Rune has (experimental) support for macros. These are functions which expand into code, and can be used by library writers to "extend the compiler".

For now, the following type of macros are support:

  • Function-like macros expanding to items (functions, type declarations, ..).
  • Function-like macros expanding to expression (statements, blocks, async blocks, ..).

Macros can currently only be defined natively. This is to get around the rather tricky issue that the code of a macro has to be runnable during compilation. Native modules have an edge here, because they have to be defined at a time when they are definitely available to the compiler.

Don't worry though, we will be playing around with macro fn as well, but at a later stage 😉 (See issue #27).

Native modules also means we can re-use all the existing compiler infrastructure for Rune as a library for macro authors. Which is really nice!

Writing a native macro

The following is the definition of the stringy_math! macro. Which is a macro that can be invoked on expressions.

This relies heavily on a Rune-specific quote! macro. Which is inspired by its famed counterpart in the Rust world. A major difference with Rune quote! is that we need to pass in the MacroContext when invoking it. This is a detail which will be covered in one of the advanced sections.

use rune::ast;
use rune::compile;
use rune::macros::{quote, MacroContext, TokenStream};
use rune::parse::Parser;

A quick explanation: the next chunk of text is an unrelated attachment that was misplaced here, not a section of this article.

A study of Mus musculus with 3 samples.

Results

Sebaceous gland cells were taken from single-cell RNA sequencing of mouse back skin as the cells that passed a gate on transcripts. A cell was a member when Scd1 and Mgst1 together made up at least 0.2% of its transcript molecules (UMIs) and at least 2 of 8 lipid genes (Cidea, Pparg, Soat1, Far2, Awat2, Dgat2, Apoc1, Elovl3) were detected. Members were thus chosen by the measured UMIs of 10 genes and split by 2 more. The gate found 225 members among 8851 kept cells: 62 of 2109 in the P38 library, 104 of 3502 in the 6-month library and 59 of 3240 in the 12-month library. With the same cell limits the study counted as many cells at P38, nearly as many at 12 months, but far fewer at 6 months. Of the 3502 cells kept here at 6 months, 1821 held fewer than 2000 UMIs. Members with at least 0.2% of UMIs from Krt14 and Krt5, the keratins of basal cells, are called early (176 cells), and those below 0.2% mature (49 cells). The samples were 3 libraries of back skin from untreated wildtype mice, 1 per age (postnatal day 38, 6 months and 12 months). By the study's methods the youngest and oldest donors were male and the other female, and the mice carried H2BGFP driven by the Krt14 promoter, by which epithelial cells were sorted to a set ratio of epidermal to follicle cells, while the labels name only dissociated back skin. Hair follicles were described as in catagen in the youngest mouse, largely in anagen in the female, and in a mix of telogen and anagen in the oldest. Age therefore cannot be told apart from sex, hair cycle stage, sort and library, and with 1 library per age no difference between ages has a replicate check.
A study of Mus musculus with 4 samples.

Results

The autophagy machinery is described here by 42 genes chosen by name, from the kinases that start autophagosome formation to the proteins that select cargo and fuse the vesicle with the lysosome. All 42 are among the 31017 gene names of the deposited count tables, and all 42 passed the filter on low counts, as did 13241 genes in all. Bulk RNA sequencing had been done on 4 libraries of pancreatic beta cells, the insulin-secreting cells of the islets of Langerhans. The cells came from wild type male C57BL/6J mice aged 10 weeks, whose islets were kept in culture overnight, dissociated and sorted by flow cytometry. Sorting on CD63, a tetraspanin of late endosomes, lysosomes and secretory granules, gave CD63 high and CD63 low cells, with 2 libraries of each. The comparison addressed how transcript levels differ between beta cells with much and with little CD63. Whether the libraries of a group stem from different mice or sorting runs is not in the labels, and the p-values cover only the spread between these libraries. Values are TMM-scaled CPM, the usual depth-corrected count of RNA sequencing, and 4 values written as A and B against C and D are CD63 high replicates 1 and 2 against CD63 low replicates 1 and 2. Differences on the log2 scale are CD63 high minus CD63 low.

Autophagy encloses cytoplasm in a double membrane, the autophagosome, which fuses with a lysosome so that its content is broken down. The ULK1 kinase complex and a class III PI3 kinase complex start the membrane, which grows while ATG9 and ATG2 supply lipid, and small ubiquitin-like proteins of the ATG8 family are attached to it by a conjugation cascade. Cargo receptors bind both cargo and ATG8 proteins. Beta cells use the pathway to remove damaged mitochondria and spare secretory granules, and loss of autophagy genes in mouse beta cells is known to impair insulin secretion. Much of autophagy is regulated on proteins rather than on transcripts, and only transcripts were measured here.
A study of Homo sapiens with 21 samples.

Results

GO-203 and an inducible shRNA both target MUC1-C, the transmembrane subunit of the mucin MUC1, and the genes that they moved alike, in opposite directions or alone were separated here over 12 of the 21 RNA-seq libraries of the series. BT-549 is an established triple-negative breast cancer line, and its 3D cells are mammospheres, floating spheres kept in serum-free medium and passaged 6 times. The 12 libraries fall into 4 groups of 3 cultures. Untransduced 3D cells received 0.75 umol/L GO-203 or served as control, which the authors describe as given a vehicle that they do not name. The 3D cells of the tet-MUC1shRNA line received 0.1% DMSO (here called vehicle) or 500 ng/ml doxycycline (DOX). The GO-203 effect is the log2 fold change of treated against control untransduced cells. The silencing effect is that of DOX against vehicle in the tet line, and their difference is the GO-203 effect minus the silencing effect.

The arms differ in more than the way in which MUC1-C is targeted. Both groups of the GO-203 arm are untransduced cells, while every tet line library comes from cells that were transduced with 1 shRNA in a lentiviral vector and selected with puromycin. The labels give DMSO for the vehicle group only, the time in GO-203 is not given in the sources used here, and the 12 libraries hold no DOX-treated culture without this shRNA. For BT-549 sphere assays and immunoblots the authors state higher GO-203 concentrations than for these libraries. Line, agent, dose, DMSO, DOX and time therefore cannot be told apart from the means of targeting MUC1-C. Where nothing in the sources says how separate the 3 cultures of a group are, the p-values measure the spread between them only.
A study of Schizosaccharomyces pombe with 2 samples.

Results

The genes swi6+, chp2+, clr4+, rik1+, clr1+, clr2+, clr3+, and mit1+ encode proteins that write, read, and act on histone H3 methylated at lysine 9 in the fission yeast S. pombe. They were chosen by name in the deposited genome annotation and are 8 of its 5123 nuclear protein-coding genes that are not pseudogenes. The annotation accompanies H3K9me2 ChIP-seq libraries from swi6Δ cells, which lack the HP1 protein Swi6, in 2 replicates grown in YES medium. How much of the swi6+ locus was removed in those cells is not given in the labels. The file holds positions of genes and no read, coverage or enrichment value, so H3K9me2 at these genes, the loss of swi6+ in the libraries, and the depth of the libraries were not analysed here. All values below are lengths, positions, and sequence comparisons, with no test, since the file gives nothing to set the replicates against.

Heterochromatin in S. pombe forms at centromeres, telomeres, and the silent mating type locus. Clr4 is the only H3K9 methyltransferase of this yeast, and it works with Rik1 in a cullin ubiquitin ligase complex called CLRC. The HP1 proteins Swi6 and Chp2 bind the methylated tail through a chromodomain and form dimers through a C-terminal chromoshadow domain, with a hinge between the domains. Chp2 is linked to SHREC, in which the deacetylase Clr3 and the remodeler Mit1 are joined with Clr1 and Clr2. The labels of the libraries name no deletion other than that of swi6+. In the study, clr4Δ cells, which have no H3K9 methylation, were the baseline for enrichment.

/// Implementation for the `stringy_math!` macro.
pub(crate) fn stringy_math(
    cx: &mut MacroContext<'_, '_, '_>,
    stream: &TokenStream,
) -> compile::Result<TokenStream> {
    let mut parser = Parser::from_token_stream(stream, cx.input_span());

    let mut output = quote!(0);

    while !parser.is_eof()? {
        let op = parser.parse::<ast::Ident>()?;
        let arg = parser.parse::<ast::Expr>()?;

        output = match cx.resolve(op)? {
            "add" => quote!((#output) + #arg),
            "sub" => quote!((#output) - #arg),
            "div" => quote!((#output) / #arg),
            "mul" => quote!((#output) * #arg),
            _ => return Err(compile::Error::msg(op, "unsupported operation")),


A macro is added to a Module using the Module::macro_ function.

pub fn module() -> Result<rune::Module, rune::ContextError> {
    let mut module = rune::Module::new(["std", "experiments"]);

With this module installed, we can now take stringy_math! for a spin.

use ::std::experiments::stringy_math;

pub fn main() {
    let output = stringy_math!(add 10 sub 2 div 3 mul 100);
    println!("{}", output);
$> cargo run --bin rune -- run scripts/book/macros/stringy_math.rn -O macros=true --experimental

To access the std::experimental, you have to specify the --experimental option to the Rune CLI.